More Men Becoming Stay-At-Home Dads
New York City, NY – Times they are a-changin says the Bob Dylan song. Well no one could have expected this. With all the talk of women making less money than their male counterparts and a glass ceiling, 32% of fathers were staying home at least one day a week and taking care of the kids while their wives went out and brought home the bacon. According to the U.S. Census Bureau that number is up from 26% in 2006.
Of those with kids under the age of 5, 20% of dads in 2010 were the primary caretaker.
Lynda Laughlin, a family demographer at the Census Bureau told CNN Money,
“Not only has it become more necessary for men to pitch in at home, but fathers have also become more available to do so. It’s a combination of mothers going to work and fathers being out of work as a result of the recession,”
During the beginning of the recession men lost more than 4 million jobs while women lost more like two million. While men have mostly gained those jobs back during the recovery the official unemployment number among men is 8.3%.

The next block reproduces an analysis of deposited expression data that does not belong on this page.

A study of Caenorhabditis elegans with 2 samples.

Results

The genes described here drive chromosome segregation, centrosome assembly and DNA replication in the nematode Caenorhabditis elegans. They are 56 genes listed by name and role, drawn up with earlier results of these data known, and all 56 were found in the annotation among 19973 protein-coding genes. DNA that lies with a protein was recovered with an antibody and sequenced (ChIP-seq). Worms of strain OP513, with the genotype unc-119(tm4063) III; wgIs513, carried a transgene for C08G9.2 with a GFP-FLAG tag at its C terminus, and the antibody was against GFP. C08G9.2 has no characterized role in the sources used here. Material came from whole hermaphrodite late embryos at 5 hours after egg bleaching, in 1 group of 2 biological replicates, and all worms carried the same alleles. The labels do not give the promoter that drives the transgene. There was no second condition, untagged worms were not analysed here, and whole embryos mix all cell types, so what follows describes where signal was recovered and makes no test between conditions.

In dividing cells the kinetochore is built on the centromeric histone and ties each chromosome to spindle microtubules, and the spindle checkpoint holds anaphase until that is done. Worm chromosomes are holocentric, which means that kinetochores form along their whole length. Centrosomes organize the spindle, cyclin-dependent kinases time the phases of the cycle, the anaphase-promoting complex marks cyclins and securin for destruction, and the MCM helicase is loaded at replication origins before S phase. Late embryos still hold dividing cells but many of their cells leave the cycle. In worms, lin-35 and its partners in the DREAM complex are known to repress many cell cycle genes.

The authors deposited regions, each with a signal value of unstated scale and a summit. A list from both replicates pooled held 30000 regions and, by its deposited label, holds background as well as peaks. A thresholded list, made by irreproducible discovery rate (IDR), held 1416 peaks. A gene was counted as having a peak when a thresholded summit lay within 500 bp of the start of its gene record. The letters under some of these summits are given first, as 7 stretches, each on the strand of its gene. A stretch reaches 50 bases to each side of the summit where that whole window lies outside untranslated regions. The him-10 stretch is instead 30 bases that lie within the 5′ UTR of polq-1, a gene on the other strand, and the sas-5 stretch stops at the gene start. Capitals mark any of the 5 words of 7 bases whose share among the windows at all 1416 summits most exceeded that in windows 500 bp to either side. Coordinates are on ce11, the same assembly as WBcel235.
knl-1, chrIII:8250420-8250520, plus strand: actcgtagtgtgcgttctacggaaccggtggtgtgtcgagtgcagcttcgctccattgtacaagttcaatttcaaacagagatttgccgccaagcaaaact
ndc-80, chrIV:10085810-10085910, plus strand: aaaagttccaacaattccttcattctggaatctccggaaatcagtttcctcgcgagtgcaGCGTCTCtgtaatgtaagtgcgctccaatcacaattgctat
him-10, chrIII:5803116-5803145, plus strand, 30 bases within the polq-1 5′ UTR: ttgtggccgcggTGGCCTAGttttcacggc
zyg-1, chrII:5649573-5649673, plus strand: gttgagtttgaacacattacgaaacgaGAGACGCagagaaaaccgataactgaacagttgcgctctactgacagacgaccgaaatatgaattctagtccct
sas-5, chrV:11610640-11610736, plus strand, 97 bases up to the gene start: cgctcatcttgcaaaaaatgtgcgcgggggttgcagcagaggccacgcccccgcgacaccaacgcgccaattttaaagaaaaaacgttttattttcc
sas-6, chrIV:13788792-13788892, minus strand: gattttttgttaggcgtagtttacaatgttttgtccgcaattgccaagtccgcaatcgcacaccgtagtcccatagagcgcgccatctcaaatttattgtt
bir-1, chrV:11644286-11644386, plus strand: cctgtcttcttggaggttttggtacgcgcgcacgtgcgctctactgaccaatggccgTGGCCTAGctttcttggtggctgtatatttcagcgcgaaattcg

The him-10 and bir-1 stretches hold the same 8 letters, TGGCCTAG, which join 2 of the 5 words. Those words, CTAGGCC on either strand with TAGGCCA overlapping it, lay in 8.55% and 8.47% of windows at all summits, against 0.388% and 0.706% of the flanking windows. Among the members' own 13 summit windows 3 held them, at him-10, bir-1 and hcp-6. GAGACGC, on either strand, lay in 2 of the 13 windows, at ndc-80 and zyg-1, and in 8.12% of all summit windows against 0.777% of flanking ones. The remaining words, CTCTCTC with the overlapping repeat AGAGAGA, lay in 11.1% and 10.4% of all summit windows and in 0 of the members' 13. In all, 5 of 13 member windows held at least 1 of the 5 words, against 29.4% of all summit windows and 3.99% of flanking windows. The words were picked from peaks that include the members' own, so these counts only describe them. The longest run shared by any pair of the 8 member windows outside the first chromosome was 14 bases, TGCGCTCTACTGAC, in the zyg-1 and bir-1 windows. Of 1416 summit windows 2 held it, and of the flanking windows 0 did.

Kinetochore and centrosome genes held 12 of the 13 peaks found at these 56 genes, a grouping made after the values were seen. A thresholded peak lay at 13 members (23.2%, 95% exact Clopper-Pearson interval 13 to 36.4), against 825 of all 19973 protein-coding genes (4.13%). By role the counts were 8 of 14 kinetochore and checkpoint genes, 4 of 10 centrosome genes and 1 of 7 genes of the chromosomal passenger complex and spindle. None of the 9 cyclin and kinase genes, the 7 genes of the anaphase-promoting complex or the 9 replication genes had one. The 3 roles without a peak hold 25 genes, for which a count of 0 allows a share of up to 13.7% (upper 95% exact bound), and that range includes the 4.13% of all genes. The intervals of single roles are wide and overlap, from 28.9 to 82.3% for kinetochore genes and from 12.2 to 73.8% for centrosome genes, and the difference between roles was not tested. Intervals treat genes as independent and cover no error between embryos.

It isn’t just men’s availability which is keeping them home with the children. The costs of childcare have skyrocketed over the last few years and it can make economic sense for one of the parent’s to do it themselves.
As a New York City school teacher Lance Somerfeld said he made a fraction of his wife’s salary,
“She was probably making 80% of our household income and I was 20%,” he said. Her career as a corporate actuary for an insurance company “was on a really good track and it made more sense for me to stay home.”
Somerfeld was quick to add that only part of the decision was financial though. He told CNN Money,
”Too often, we hear that it’s the economy that forces dads into these roles and that’s certainly a part of it, but I would love to shatter that stereotype. Being my son’s primary caregiver is something I have truly cherished and embraced and never looked back.”